TikTok exploded worldwide during the pandemic as millions under quarantine turned to the Chinese-founded app for dance tutorials and dubs of pop hits. It didn't take too long for politics to bleed into the platform, having saturated rivals Facebook and Twitter.
Vloggers and influencers use TikTok to raise awareness on the country's ills, peppered with silly filters and effects. Proof of app's political clout: U.S. President Donald Trump wants it banned. In the Philippines, acknowledged as Facebook country, why are creators bringing politics to TikTok?
Dora Dorado, known as Doracrybaby, was among Filipino content creators who stepped into the TikTok spotlight this pandemic, raising awareness on social issues while dancing. With over 86,000 followers on TikTok, and 76,000 Twitter followers, Dora’s videos have been the go to for Filipinos who want to be informed and entertained at the same time.
“Actually, for fun lang siya at first and then parang for me naman, content creation—you just get fed with what’s around you. Right now, yung fine-feed sa atin ng environment are socio-political issues and it just seems right to create content about that,” Dora told reportr.
Why not on TikTok?
Social and political commentaries were not on Dora's plan. But developments in the country—or the lack thereof, pushed him to do so.
“Before talaga I just used TikTok for fun—mga dance challenges and wala eh, you just get fed up and doon (commentary) siya napunta. And eventually, nagtuloy-tuloy siya into like a social commentary na,” Dora told reportr.
For the social media personality, the shift from plain comedy to politics can be attributed to a donor’s fatigue he experienced after seeing that not much has improved in the country’s COVID-19 situation despite efforts from the private sector to help the government.
“Every platform becomes political. We only get fed with what’s around us so yeah, before fun-fun lang siya kasi nga fun-fun lang din yung world nun,” Dora said. “When we entered a global crisis, hindi mo na maiwasan that every social media platform will become a political platform one way or another.”
While Facebook and Twitter are no longer new to political content and social commentary, it’s only during the pandemic that more netizens shifted to social issues and politics on TikTok.
In the Philippines, even government officials are using it. President Rodrigo Duterte’s spokesperson Harry Roque and Cabinet Secretary Karlo Nograles often dance to hit songs on TikTok. The country’s Department of Health also has a TikTok account for its information campaigns.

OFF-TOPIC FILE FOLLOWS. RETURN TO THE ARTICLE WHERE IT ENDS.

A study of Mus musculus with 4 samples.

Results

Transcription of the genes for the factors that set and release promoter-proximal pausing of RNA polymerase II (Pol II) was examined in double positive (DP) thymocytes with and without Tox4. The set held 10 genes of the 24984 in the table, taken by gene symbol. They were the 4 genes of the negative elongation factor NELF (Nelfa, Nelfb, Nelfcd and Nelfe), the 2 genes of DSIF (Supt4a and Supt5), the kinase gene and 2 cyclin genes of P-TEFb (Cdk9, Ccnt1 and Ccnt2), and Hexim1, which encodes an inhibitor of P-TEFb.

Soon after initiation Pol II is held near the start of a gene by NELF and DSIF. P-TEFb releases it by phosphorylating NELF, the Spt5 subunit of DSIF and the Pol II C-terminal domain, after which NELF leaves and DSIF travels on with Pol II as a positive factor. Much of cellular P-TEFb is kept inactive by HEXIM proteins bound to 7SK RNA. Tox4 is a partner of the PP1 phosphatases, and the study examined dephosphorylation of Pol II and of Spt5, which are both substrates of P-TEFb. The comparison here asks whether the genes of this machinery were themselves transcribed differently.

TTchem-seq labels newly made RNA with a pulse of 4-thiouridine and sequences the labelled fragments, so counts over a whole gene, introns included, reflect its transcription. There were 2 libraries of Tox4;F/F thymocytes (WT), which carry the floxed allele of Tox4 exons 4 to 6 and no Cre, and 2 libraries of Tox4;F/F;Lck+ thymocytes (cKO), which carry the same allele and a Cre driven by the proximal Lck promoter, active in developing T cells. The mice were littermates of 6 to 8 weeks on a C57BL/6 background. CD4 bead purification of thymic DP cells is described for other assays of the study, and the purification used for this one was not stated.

Even the World Health Organization has capitalized on the TikTok craze with videos on how to prevent the spread of COVID-19, and proper wearing of face masks.
TikTok can inform and educate
For Dora, his social commentaries are meant to “inform and educate.” It's shows the audience what's happening around them. "Not everyone has the time to dive into news,” he said.
When to inject humor? Dora said: “I can discern which kind of content I can make fun of, which one ang hindi pwede…I think it’s just picking which types of content yung parang you can turn into comedy, irony, mga ganun,” he said.
More social media personalities have also included social issues in their content—all while keeping the public entertained.
Macoy Dubs, who introduced the internet to everyone’s favorite tita, Auntie Julie, is also not shy to share his views on social issues with videos and tweets.
The same goes for content creator Philip Hernandez, popularly known as Davao Conyo. Medical frontliner Jai Cabajar meanwhile uses his Twitter to call out injustices and put the spotlight on social problems.
Touching on politics and social issues or the refusal to do so is a personal choice, according to Dora.
“I guess it’s a personal choice to stay apatethic and neutral pero it’s always a privilege to be neutral. I guess I just applaud content creators na kahit hindi nila niche yung politics and social issues, nagbibigay pa rin sila ng opinion about it and they are willing to be educated,” he said.
“To each his own, it’s always up to them. Some kasi they are not proficient with political ideologies, standpoints kaya I understand if uncomfortable sila to use their channel for that.”
Vloggers and social media stars have also shown that they are not just keyboard warriors.
In July, several social media personalities, including Macoy Dubs, joined calls to junk the Anti-Terror Law. They were among “concerned netizens” who signed a petition asking the Supreme Court to declare as illegal the law signed by President Rodrigo Duterte in the middle of the pandemic.
How to handle hate on TikTok?
Being outspoken on social issues makes one more vulnerable to online hate, criticism, and trolling. Like other social media stars that have been bashed, “cancelled,” and criticized, Dora also got his share of online hate.
During his “Sunday Palengke” series, where he does a weekly roundup of the latest issues in the country, Dora made a comment about the dumping of artificial white sand on the Manila Bay that did not sit well with some people.
“If you think Manila bay looks like Boracay, well, clearly you haven’t been to Boracay,” he said of a netizen’s comment that the artificial sand can be likened to Boracay’s powdery white sand beach.
The statement drew him flak with some people branding it as classist and elitist.
“I didn’t take any offense to it. Hindi naman ako na-sad. You take it as you go,” Dora said of the incident. “I’m one to always make opinions and comments on everything and then it’s gonna look very hypocritical if I can’t take the same thing.”
Dora has stopped reading hate comments and even went as far as blocking some people.
“I know naman it (criticism) was going to happen one way or another pero ngayon I don’t just read,” he said. “Walang papatunguhan din naman if I read.”